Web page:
By Casey Neill
The average Greater Dandenong ratepayer will pay about $71 extra next year, according to the council’s draft 2018-’19 budget.
Councillors voted to put the proposal out for public feedback for 28 days at their Monday 23 April meeting.
They’ll make a final decision at their Tuesday 12 June meeting.
The headline project in the $58 million capital works program is the Springvale Civic Precinct.
There’s $18.5 million allocated to start construction, which is due for completion by December next year.
The draft budget also includes $1 million to design the Keysborough South community hub, on top of $3 million already set aside for land.
The Thomas P Carroll Reserve pavilion is pegged for a $2 million overhaul, the Dandenong Park makeover would continue with $1.5 million and Robert Booth Reserve would receive floodlighting in an $815,000 plan.
The budget proposes $200,000 in CCTV for the Brady Road shopping precinct, $5.56 million in road resurfacing and reconstruction, and just over $1 million for new library resources.
Cr Matthew Kirwan also highlighted cash to continue Walker Street and Springvale Road beautification works, put solar panels on the Dandenong Civic Centre, build a cycle path on Hammond Road, and design an all-abilities playground.
He welcomed $46,200 for a tribute to the Greater Dandenong Living Treasures and $22,200 towards a book celebrating the City of Greater Dandenong’s 25th anniversary.
Corporate services director Mick Jaensch said an increase in recycling costs added about $2.5 million to the overall council budget.
Ratepayers will fork out an extra 16 per cent or $53 to recover the cost.
The budget report said the council’s recycling contract “has been immediately impacted by the National Sword Policy implemented by China’s Customs on 1 January 2018, which aims to restrict the import of contaminated paper, cardboard and plastics”.
Engineering services director Julie Reid said there was no planned interruption to the council’s household recycling service.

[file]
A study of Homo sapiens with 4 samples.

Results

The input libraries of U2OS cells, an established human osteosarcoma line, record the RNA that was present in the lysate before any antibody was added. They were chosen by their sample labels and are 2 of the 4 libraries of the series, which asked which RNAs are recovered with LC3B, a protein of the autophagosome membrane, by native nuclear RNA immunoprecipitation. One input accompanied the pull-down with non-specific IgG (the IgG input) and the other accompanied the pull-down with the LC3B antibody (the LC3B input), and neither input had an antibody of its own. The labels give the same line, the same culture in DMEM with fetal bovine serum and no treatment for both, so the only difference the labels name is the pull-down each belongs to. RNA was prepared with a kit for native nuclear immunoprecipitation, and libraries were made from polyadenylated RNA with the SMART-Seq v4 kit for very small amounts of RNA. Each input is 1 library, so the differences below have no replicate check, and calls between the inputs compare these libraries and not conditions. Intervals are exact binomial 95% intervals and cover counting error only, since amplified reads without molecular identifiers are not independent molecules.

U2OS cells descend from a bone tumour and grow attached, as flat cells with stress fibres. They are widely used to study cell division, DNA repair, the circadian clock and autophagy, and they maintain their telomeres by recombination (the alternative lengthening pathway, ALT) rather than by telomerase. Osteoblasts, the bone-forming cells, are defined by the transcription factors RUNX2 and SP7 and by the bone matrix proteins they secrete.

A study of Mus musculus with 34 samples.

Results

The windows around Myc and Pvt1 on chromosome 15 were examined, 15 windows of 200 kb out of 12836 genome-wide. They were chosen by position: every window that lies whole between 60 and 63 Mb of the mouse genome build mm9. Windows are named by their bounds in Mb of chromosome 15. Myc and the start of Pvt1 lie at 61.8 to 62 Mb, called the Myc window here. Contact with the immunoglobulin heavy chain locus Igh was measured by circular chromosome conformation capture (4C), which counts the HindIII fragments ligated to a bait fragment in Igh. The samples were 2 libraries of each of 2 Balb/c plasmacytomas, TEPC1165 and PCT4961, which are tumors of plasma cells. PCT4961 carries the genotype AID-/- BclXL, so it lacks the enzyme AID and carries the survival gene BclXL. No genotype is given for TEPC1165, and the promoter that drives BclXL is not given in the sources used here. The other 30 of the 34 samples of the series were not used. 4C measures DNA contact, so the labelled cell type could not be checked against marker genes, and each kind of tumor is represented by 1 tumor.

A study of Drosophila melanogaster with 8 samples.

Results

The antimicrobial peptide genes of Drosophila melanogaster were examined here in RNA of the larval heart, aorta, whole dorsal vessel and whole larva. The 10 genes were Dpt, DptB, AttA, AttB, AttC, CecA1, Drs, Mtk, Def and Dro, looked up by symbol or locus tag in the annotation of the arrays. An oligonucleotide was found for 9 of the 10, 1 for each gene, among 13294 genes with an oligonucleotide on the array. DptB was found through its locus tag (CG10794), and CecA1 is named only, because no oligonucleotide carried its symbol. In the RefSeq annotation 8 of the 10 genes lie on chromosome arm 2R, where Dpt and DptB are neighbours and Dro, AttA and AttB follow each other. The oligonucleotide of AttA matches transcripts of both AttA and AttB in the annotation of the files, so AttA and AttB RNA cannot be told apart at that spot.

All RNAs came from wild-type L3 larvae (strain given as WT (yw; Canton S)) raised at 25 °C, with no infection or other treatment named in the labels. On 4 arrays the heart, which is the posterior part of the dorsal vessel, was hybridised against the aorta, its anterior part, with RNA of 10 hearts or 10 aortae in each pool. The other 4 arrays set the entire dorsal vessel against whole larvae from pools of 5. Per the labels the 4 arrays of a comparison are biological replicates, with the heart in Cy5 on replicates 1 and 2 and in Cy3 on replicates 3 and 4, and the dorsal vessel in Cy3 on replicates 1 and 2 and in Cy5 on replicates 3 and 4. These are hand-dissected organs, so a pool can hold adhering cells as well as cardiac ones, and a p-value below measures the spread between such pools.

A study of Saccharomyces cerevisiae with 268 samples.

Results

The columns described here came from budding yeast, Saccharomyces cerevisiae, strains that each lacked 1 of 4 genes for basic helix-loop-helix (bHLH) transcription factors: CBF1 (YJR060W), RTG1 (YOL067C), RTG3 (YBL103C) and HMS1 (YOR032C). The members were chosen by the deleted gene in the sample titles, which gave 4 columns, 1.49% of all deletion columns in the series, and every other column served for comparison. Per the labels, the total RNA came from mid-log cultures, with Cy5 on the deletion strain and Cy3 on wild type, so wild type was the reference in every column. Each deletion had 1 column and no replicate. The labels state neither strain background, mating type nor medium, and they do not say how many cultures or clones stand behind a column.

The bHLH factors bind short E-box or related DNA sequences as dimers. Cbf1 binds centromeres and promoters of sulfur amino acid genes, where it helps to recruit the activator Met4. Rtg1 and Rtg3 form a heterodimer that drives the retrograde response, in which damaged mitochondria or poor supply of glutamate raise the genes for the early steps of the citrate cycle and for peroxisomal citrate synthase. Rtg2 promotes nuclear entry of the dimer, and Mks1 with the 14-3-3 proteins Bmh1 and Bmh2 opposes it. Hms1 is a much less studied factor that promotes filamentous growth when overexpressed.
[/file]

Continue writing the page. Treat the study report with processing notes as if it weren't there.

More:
“Our service is operating business as usual and we continue to encourage our residents to recycle,” she said.
The Local Government Minister determined that the rate rise for the 2018-‘19 financial year for councils across the state would be capped at the forecast rate of inflation of 2.25 per cent.
The cap is on the total amount of rates that the council can collect.
Each individual increase will depend on any change in property value since the previous valuation.
Greater Dandenong property values increased about 25 per cent in past two years.
Properties that rose by less than this figure would attract a lower rate increase, and those with a greater rise would have a higher rate increase.
The increase for the median residential valued property will be 5.50 per cent, including the waste charge increase.
That’s $71.15 for the year, or $1.37 cents per week.
The draft budget report said the council was confident it could continue to manage rate-capping this year, but it would become more difficult.
“Particularly as the delivery of new facilities such as the Springvale Community Precinct add considerable costs to the council’s operational budgets without the ability to offset this via increased rates,” it said.
“These projects…also create an additional maintenance requirement going forward increasing operational costs into the future.”